Bloomberg Fast-Tracks Rezoning Plan for Grand Central

Written By Daniel Muhlenberg | April 17, 2012

Bloomberg wants to allow developers to build without any hindrances, and the first step to doing so is knocking down those pre-war buildings. An anonymous city planner told the New York Daily News that the rezoning would increase building heights in Midtown East by 20% to 30%. There is a consensus among city planners and real estate leaders that the area, known in those circles as the “Midtown core,” badly needs to be modernized in order to attract new businesses, investments, and jobs.

This rezoning initiative falls in line with Bloomberg’s attempts to modernize New York City via new public parks, revamped waterfronts all over New York City, and modern subway stations. Such projects not only boost Manhattan’s tourism industry, they attract capital. And with cities such as Hong Kong and Shanghai offering ultra-modern office towers for international companies, Bloomberg is feeling the pressure to keep up. He’s very aware that this project will help preserve his vision of what New York City could and should be. A leading business executive told the Daily News that, “This would be a linchpin of his legacy.”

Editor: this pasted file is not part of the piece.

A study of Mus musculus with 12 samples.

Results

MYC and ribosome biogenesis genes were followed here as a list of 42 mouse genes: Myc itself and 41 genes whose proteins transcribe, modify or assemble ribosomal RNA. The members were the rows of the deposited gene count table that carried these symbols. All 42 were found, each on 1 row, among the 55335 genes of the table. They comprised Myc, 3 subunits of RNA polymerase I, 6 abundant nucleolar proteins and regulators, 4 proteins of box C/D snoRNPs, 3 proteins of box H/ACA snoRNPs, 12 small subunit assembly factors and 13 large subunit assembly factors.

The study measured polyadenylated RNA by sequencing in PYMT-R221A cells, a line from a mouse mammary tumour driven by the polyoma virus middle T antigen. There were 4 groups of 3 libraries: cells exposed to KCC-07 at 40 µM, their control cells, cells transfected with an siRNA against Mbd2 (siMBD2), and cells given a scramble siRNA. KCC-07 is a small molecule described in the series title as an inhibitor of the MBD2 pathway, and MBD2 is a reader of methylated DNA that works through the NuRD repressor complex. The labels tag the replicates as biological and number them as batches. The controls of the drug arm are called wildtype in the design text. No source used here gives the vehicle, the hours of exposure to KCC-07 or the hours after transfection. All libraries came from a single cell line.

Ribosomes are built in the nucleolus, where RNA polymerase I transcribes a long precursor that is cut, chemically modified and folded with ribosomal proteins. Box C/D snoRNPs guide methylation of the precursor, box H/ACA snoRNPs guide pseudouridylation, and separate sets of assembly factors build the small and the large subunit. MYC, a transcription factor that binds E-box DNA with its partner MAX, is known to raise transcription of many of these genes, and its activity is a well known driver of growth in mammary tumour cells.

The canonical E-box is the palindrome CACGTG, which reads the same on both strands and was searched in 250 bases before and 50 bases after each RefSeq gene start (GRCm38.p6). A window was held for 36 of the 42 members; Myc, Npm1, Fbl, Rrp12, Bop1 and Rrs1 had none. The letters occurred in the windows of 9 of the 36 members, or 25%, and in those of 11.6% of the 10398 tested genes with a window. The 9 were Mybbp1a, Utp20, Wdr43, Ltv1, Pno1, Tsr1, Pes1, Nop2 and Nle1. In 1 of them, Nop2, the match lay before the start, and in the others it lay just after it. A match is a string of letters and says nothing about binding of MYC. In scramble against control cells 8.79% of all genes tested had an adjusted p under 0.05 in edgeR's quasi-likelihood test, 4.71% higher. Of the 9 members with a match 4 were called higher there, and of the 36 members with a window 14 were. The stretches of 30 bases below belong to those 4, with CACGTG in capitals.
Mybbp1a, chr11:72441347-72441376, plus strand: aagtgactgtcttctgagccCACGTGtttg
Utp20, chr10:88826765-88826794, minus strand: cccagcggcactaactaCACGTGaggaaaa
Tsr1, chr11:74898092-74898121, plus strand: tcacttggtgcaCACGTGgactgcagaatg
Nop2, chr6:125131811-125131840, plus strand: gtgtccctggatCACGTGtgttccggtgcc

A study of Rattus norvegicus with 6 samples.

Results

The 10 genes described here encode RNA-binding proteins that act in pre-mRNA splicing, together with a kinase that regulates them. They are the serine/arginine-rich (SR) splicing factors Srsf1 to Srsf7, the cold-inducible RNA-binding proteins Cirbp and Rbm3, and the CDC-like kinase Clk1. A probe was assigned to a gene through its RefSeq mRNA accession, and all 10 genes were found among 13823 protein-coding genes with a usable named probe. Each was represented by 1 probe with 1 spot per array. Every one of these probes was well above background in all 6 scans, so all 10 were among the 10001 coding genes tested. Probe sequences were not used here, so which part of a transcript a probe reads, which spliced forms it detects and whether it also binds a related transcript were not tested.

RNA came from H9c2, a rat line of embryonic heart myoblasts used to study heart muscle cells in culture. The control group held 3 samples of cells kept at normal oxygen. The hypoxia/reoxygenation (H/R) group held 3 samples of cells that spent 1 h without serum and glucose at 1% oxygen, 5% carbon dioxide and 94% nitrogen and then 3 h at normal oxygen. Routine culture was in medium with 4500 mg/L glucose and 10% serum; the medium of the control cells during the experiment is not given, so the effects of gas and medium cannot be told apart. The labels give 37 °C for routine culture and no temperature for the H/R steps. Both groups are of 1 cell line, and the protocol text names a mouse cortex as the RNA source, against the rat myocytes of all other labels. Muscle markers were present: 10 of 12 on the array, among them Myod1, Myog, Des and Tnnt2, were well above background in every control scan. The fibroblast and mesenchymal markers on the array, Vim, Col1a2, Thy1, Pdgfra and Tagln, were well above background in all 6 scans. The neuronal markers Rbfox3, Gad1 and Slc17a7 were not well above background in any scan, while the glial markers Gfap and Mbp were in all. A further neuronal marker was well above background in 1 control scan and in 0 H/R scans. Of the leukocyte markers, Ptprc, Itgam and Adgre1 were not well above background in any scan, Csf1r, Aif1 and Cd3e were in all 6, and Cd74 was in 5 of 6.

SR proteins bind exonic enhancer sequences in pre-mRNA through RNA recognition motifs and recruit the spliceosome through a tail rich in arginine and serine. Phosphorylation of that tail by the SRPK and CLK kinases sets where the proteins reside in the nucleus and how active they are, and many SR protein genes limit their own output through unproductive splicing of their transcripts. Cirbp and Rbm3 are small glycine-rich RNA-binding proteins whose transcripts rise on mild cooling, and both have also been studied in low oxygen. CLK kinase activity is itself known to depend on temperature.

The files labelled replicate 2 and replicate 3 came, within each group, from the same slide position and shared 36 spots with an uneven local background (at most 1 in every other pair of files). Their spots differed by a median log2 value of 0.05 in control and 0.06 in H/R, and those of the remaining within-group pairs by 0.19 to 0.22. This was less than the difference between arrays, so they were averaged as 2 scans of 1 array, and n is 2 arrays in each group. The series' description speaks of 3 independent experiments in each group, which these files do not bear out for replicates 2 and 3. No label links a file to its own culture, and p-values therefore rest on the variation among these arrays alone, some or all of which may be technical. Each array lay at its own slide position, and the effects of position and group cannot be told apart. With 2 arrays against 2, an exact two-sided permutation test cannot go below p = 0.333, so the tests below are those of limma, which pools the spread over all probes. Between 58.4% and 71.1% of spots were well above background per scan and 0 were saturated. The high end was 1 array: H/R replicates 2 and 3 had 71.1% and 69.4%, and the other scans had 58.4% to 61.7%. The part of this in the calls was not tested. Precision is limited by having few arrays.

We’ve already written about how his legacy may be in jeopardy, so it’s not surprising that he’s fast-tracking the proposal so that it is enacted before he leaves office in 2014. City Planning Department officials are reviewing the plan, and even though it’s fast-tracked it’s still expected to take several months to finalize. No date has been set for when the rezoning plan will be submitted for public review and City Council approval under the land-use and rezoning system. If his vision is realized, residents of Midtown Manhattan apartments will soon be surrounded by more office giants than ever before.